Although they are called Satan’s Kiss peppers, they look like such cuties! Also called Baccio Ciliegia Piccante, these little poppers are the size of a golf ball and have a sweet taste with a spicy kick to them. How about a plate of them next to some of our cherry tomatoes? We love these heirloom peppers when stuffed and grilled, but you should definitely try stuffing them with anchovies and mozzarella then grilling them as they do in Italy. Satan’s Kiss is a medium-hot pepper that will be the perfect manageable heat for a party.
Fun Fact: They are known as Ciliegia Piccante (Spicy Cherry) or Baccio de Satana (Kiss of Satan) in Italy.
Origin : Italy
Kiss-me-over-the-garden-gate (Persicaria orientalis) grows to 7 feet tall, producing red, white or pink bell-shaped flowers on tall spikes that look right at home in a cottage garden. The flowers on this annual, also known as prince’s feather, princess feather and Oriental Persicary, persist from midsummer through fall, supplying long-lasting color in the garden. Kiss-me-over-the-garden-gate requires minimal care once it’s established for summer. The plants germinate readily from seed if they’re prepared properly. Starting the seeds indoors four to six weeks before the last spring frost provides healthy starter plants that are almost ready to bloom when you transplant them to the garden.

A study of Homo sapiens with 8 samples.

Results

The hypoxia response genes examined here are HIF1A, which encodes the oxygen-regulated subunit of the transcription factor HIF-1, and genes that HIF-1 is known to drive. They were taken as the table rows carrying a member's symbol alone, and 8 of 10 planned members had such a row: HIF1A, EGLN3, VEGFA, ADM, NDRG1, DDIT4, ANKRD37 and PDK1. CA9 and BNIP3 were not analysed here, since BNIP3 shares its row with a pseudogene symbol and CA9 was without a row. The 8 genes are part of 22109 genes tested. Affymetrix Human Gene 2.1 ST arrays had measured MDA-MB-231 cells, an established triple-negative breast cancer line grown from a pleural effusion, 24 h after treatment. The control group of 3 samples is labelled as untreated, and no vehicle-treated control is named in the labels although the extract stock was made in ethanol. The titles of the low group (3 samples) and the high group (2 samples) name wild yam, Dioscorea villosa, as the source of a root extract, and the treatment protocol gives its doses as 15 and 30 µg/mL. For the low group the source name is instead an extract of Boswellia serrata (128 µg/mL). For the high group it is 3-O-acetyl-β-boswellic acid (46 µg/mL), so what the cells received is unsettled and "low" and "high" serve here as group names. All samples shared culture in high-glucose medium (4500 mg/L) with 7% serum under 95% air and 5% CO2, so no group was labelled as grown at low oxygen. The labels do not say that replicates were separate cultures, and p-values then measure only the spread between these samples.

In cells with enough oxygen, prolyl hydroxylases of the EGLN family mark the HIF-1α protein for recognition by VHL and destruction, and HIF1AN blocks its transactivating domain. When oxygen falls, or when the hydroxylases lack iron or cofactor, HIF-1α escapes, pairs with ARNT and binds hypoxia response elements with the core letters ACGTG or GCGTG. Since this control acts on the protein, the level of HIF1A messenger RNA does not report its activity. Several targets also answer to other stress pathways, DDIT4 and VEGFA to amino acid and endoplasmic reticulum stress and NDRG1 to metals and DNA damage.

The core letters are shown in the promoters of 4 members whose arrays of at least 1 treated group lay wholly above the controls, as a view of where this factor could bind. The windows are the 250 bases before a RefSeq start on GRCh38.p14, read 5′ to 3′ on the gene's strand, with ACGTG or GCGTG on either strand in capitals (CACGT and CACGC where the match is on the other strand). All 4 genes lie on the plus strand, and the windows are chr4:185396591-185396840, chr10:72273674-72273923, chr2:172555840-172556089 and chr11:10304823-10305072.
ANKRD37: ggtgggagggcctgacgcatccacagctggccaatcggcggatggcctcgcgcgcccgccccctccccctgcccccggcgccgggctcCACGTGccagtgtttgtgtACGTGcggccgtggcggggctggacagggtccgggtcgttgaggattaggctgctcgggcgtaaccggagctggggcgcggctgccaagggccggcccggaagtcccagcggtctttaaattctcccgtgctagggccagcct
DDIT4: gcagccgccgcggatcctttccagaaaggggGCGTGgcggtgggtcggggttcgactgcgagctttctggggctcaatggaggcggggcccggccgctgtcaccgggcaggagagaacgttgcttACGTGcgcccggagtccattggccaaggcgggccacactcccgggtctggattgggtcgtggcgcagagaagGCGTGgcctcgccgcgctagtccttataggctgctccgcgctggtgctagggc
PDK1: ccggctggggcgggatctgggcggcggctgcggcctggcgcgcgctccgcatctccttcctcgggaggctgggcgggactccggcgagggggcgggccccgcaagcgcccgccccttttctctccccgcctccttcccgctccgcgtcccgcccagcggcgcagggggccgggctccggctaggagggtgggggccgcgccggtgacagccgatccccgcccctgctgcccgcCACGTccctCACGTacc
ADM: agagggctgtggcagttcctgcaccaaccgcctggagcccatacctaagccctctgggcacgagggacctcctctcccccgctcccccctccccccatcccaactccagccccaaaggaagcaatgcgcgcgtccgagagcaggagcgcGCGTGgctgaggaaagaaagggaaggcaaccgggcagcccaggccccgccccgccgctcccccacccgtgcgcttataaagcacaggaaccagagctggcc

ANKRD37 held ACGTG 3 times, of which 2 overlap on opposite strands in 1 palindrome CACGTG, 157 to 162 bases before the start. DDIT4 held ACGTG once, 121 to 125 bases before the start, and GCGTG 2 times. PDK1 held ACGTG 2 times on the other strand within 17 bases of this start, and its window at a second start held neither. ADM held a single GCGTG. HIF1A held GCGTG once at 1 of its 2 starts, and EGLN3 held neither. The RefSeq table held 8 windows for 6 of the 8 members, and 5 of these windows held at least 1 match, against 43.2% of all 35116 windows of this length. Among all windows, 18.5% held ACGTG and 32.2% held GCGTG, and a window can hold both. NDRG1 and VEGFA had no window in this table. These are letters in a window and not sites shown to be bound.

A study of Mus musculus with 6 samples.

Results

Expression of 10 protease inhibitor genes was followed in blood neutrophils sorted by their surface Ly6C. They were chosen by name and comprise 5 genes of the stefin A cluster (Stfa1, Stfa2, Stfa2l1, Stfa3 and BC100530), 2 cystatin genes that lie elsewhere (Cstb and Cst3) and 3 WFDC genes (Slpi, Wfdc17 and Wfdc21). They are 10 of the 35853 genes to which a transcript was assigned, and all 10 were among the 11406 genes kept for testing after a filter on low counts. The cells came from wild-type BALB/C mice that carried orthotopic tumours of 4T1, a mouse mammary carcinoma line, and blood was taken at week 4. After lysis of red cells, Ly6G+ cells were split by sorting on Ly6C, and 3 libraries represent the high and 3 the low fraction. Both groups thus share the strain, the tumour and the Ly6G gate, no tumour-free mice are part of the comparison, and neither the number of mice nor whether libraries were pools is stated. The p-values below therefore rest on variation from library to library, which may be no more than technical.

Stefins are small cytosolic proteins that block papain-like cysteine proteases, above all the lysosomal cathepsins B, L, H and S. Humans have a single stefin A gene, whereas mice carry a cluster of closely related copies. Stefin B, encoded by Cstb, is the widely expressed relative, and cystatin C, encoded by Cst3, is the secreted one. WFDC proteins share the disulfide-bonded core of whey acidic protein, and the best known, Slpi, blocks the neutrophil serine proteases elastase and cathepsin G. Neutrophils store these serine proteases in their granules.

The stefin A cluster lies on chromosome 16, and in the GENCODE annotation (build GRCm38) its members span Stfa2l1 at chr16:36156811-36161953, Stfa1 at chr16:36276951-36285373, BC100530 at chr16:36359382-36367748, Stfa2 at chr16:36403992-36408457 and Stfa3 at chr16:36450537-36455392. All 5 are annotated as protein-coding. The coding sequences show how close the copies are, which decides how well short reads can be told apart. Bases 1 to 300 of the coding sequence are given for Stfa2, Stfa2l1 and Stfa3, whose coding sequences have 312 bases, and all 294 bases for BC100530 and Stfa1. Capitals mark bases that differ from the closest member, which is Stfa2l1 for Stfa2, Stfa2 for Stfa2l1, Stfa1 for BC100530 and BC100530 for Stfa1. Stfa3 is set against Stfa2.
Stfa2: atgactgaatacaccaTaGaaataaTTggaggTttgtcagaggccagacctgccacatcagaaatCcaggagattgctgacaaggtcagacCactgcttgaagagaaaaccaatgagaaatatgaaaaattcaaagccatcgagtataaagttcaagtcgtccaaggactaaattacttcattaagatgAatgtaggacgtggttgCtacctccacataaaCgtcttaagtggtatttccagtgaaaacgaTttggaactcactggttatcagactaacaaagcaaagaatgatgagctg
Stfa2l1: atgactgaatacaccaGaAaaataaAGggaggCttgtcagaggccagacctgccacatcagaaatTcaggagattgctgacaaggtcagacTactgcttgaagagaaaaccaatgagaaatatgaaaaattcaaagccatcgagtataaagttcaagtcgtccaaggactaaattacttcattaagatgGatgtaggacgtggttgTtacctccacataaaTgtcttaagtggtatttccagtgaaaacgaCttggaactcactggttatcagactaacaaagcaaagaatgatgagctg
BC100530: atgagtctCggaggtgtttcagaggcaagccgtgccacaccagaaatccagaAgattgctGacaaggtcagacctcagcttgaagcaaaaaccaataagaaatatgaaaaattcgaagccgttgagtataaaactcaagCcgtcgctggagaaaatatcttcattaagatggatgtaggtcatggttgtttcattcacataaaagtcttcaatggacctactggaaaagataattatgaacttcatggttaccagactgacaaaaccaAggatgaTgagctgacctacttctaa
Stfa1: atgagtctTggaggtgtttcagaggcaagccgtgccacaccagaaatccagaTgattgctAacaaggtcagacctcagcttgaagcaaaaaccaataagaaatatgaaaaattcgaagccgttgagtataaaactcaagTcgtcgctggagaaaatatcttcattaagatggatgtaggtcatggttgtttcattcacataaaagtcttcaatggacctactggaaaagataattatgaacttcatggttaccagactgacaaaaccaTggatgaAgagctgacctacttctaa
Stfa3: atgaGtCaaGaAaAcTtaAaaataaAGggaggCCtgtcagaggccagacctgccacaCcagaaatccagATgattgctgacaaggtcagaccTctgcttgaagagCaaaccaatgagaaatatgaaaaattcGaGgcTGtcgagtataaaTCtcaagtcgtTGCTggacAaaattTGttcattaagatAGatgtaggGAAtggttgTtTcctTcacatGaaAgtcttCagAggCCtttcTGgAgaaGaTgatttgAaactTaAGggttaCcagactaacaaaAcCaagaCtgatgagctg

Place the seeds in a sealed plastic bag or container. Store the seeds in a 45 degree Fahrenheit or colder location, such as an unheated shed or the refrigerator, for 12 weeks during the winter. Kiss-me-over-the-garden-gate flowers won’t sprout without this hardening process.
Remove the bag and set the pots where they can receive at least six hours of full daily sun. Water the seedlings when the soil surface feels dry, and after watering, empty water that has collected in the pot’s tray.